I have been thinking about the Ghost in the Shell live-action film recently. Even though I am only about ten episodes into the Stand Alone Complex, I am beginning to understand the characters and themes of this world a little better. And suddenly! I think, why do I not remember anything about Rupert Sanders-directed adaptation at all? Okay, a few visuals are impressive, plus some beautiful sequences, but that is it. I am not here to hate on the film or talk about some of the controversy surrounding the casting. I simply want to try and understand why it didn’t work for me! I think the production value of the film is beyond satisfying, but as a fan of animated films, something didn’t sit right with me. I will try to put those thoughts to one side as I think about it as I also think about it as a stand-alone movie as well.
Overall this might be slightly different from other Ghost in the Shell reviews because I do not want to get caught up in the plot too much. Actually, thinking about it, the story is the most fundamental part of any movie, so do I know what I am talking about? However, it is the plot of this film that is the weakest part of its production. Okay, for a Hollywood film, it is pretty perfect and sticks a bow on everything it needs to. Alternatively, as a representation of the Ghost in the Shell, it lacks the imagination, intelligence and cohesion of any of its animated predecessors. My only concern is that some story elements are taken from the stand-alone complex because I don’t want that. I’m looking at you daughterless Mother.
The visual effects are fantastic, and the props are beyond satisfying. I mean, is there as beautiful as a real robotic geisha girl? I remember watching some of the Weta workshop behind-the-scenes footage of these creations, and I found it mesmerising. This film looks beautiful from beginning to end, no doubt. You can also tell that it was filmed with much love, passion and admiration for Masamune Shirow’s original vision of this universe. I thoroughly enjoyed the story as a stand-alone film. Unfortunately, I also spent a lot of time wondering how they completely missed the point, and then the penny dropped!
I don’t blame director Rupert Sanders for this or writers Jamie Moss, William Wheeler or Ehren Kruger. However, when you have something as successful as Ghost in the Shell, it resonates with an immeasurable amount of people for many different reasons. As a fan of Ghost in the Shell, this didn’t feel like the Motoko Kusanagi I know, and that is where everything else around it falls apart. I like the character Togusa, and it didn’t even feel like his true character was in this film at any point. I can only imagine other die-hard fans may have a list that is longer than mine.
If you want to make a Ghost in the Shell live-action film, simply recreate the original animated film or write a fresh new story with the characters that everybody knows. I’m not sure if there are some copyright issues surrounding the 1995 film, but what a wasted opportunity. Instead, we get something that seems to be a watered-down version of a story I already love. As I said earlier, a miserable Major does nothing for me. In any other version, her character is charming, witty and far more appealing.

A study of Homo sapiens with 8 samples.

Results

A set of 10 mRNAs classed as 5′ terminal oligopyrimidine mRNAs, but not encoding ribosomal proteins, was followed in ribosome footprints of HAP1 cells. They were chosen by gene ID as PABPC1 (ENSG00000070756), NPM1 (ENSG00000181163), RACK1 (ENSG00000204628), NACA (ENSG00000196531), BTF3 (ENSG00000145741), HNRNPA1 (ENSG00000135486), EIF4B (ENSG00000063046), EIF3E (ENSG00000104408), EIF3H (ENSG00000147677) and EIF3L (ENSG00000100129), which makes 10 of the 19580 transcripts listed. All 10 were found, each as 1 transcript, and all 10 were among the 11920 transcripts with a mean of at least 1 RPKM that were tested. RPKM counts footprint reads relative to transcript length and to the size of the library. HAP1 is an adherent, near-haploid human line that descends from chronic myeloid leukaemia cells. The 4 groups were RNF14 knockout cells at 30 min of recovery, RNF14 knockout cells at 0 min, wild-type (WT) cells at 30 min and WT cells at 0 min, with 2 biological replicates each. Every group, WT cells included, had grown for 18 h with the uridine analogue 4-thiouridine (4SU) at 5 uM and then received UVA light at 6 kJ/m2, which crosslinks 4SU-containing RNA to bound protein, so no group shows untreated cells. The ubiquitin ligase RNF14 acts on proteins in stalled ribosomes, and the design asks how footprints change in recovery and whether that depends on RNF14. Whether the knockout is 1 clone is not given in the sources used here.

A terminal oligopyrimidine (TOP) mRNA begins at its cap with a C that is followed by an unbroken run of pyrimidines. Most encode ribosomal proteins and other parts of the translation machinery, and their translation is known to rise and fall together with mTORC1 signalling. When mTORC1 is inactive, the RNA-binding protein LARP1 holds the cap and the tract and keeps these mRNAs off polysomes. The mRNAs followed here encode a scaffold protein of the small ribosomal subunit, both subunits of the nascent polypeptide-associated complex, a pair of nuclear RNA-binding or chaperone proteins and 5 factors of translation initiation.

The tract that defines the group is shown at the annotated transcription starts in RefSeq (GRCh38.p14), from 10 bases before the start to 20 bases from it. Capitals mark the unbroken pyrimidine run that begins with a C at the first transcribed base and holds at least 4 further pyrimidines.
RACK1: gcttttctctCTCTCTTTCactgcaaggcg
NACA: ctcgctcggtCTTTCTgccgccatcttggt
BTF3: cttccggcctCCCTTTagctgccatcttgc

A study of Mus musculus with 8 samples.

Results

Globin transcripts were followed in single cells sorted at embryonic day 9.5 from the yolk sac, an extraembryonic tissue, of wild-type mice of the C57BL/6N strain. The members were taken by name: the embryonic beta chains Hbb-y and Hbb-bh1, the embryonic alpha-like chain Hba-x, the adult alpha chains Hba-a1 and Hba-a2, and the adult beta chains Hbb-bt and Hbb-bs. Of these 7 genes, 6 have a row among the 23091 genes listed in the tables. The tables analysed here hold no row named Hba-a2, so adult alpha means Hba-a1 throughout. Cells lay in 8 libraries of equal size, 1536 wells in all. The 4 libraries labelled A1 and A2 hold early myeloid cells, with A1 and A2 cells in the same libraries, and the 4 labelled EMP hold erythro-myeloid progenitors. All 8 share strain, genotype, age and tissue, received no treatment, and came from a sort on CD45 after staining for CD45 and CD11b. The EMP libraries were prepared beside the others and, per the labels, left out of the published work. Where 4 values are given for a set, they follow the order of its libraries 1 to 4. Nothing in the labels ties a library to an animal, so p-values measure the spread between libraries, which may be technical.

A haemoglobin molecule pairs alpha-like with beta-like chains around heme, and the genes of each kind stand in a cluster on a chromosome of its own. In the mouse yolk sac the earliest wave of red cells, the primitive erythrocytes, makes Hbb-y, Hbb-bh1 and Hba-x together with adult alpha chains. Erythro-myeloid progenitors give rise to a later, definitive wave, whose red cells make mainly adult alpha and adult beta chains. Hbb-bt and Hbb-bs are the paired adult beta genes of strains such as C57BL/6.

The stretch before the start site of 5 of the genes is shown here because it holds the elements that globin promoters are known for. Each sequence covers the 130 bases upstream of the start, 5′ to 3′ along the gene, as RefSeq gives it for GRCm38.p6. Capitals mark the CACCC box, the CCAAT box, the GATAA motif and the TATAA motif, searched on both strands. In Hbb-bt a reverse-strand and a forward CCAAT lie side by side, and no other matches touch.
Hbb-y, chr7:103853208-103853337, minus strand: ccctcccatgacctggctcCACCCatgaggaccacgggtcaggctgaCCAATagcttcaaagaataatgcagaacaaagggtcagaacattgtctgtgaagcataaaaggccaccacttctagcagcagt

The Major deciding she has more to do in the real world and refusing to link with Kuze Michael Carmen Pitt goes against the grain of what Ghost in the Shell is truly about, in my humble opinion! The Major’s merging with the Puppet Master in the animated film is beyond the world of our existence. It’s taking humanity and asking if technology can push us further than our flesh and bones can take us. The real problem is that film fails to notice that the cybernetic side of the Major is just as important as her physical brain.
I do not enjoy talking badly about films, but this is part of my journey in watching everything Ghost in the Shell related. I wanted more from the film, and it did not deliver. However, it’s popcorn for the brain and could be set in any science-fiction scenario and be decent. I love a bit of pain and misery in my main characters, but Scarlett Johansson looks like she has had a long weekend in Amsterdam and overindulged on the local asparagus.
I’m not sure how this comes across to any other fans of The Ghost in the Shell. However, I know what I enjoy, and I like to make sure what I write is the truth. Kyle Davies, domestic distribution chief for Paramount, felt the controversy around the casting had damaged reviews and said: “…you’re always trying to thread that needle between honouring the source material and making a movie for a mass audience. That’s challenging, but clearly, the reviews didn’t help.
Alternatively, I would like to add a bit of positivity to the end of this review. I think the anticipation of this film led me to go back and watch the original anime. I was always curious about Ghost in the Shell, and now I feel like I am finally starting to enjoy it. The skyline of this modern metropolis is beyond beautiful, the dreariness of a rain-soaked future is tangible, and the whole aesthetic of the world feels real. I suppose I am glad it exists, and I am certainly happy that we got to see some of the original anime’s greatest hits in live-action. I wouldn’t say it’s a flop for me, and given all the facts above, this film could end up becoming my guilty pleasure on a rainy day. However, I will admit that I can’t wait to get back to the Stand-Alone Complex.